When his first start-up was on the brink of collapse, Moustafa Mahmoud recalibrated his dreams, using robots for online marketing with Cognitev.
The 33-year old Egyptian says the idea was to be the “Uber of online marketing” or, basically, tackling a service that is in high demand and making it more accessible to the masses.
“We wanted to create that model where you can press a button and get it anywhere,” he says.
This was not Mr Mahmoud’s first foray into the start-up arena. In fact, Cognitev is a rebranded version from his original idea, Mena Commerce, an aggregator of e-commerce sites in the region. “It worked well. Everyone was happy from the customer side, but we couldn’t generate revenue,” he says.
It may be why such a search engine still does not exist today. “What we built was valuable, but we were literally about to shut down and go bankrupt,” Mr Mahmoud says.
However, he adds that some of his early investors felt strongly about his potential to create change and encouraged him, as well as his other two co-founders, to pivot the business. “The application of the artificial intelligence [AI] technology was aligned, but we were missing the market,” he says.
With zero cash, Mr Mahmoud had to go back to knocking on doors to drum up capital. “Many of the investors that came on in that round mostly invested out of faith, but all we needed was that safety net.”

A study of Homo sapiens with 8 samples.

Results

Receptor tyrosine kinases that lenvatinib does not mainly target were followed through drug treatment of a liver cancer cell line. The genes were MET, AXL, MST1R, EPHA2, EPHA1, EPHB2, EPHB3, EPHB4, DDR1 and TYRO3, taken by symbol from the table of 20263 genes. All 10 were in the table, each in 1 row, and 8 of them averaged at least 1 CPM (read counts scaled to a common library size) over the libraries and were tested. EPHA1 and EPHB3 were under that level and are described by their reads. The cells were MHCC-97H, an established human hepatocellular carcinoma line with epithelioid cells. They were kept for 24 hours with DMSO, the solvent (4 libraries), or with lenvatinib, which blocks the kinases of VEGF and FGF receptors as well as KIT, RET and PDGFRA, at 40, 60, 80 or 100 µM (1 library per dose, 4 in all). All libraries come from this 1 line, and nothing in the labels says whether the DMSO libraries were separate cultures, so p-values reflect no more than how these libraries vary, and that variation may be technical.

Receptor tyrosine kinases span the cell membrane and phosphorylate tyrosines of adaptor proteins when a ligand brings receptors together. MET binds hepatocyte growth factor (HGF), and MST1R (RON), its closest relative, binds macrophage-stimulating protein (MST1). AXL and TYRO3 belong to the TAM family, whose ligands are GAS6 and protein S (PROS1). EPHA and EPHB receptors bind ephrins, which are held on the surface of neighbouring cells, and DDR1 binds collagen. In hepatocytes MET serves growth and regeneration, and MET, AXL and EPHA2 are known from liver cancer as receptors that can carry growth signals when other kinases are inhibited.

By flipping the previous AI model, Cognitev was born.
The rejigged start-up focuses on using AI for marketing information to help any company looking to sell products online. “Online marketing is hard and expensive. People don’t know how to do it, Mr Mahmoud says. “We wanted to democratise that space using AI.”
Cognitev takes a budget from a company which determines the amount of traffic it can drive to the client’s website on a monthly basis. “We’ve delivered three times the results that customers received for the same budget without using our tool,” he says. In one case, there was 10 times the amount of traffic than using a traditional online marketing technique.
The company has seen double-digit growth every month since December, which is a far cry from where it was only two years earlier.
Nabeel Al Kady has invested in Cognitev because he believed its approach to advertising was innovative with the “traffic as a service” model as a world first. “It delivers higher conversion to retailers and more meaningful and informative messaging to people browsing the internet,” he says.